As for the stick...I'm really not interested in having one in a truck. A car, yes, it's fun. Most new truck buyers feel the same way. Now, give me a good automatic transmission and good manual control of it and we're in business...

I was talking about the V6 that they were putting in the 1500 series trucks. I didn't want to guess at the displacement but for arguements sake, i want to say it was a 4.2 liter but I am not sure. not sure either about the mileage. the larger diesel was 300/600 where as this one is 200/500. I think the drive train of the 1500 series trucks couldn't handle the large engine. the drive shaft, axles, and rear end.


*edit* found this on the chevys. the dodge site is messed up right now so I can't seem to find anything on it right now.

http://www.autoblog.com/2007/06/15/g...the-hummer-h2/

*double edit* found some more on the dodge diesels. I was a little off on the numbers but here is what I found. also it states that these numbers may change.

http://www.dieselpowermag.com/tech/d...rformance.html

The 4.5l Duramax in 1500 series trucks ought to sell okay (it still won't approach the 5.3's sales volume). Those who buy it will be very proud of it. Of note from the linked article:

ironically, I just sold my truck to make way for a new baby in the family. I may never see a diesel (at least not a truck) in my driveway.

also, I agree with the 5.3 thing. there is a following for certain engines especially when you say chevy or ford. also, they tend to put a big premium upgrade price on diesels as well. I think the dodge one was an extra 5K when I was looking at trucks and that was almost 5 years ago.

http://www.jcwhitney.com/autoparts/I...26668010258656



Anyone's thoughts, do you think its worth the cost?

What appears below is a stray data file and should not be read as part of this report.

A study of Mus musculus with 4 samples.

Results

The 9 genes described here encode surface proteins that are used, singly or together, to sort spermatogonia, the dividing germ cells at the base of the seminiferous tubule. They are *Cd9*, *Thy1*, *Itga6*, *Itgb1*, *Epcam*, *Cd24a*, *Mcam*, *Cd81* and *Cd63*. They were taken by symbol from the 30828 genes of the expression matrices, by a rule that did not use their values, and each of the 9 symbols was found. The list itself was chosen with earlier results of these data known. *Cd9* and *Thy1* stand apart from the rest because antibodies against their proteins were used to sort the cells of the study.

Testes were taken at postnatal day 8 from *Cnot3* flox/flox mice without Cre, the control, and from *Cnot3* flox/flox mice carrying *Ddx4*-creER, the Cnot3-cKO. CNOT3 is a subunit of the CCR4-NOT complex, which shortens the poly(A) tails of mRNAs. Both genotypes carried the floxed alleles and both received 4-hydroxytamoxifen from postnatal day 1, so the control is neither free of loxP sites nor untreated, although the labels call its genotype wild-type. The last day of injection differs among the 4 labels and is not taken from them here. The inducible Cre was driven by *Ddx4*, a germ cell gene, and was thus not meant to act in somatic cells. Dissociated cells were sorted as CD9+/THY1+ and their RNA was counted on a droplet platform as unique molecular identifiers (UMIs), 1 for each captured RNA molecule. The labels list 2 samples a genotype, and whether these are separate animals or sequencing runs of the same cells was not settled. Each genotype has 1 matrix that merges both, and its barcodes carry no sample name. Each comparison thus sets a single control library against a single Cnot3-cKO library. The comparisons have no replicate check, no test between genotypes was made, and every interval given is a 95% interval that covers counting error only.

-Jay

I am disappointed GM does not offer the T-56 manual transmission instead of a complex, expensive, fragile, and wasteful slush box. I reckon they think people are too busy blabbing on the cell phone to shift their own gears without the waste of a torque converter.

I'm glad to know there's a smooth, prefab product for the job. I suspect that the sharp drop/gap isn't so great, and I when I thought of making one I imagined a hinged cover that gets pushed up by the wipers as they emerge...

I like the Plastic wiper cover. I think it gives a very clean look. I can't say how much it would help but it looks good. I don't think they offer them for all vehicles, just trucks.

holycow,
your idea about the hinged hide-away wipers kind of reminds me of what they did with the aptera (if I read it right). I think it would be hard to do on an existing vehicle and not really worth the small gains.

I have also heard that the wipers that bow out that give even pressure across your windshield are more aerodynamic. I can't remember what they are called but they cost about twice as much as the conventional ones.

*edit* OH MAN that thing is like 120 bucks!!! still looks good.

-Jay

I would think that they had it on the trucks to see what people thought of it and they didn't get the response they thought they would, either that or they found a place to save a few bucks and didn't put it back on the next model year.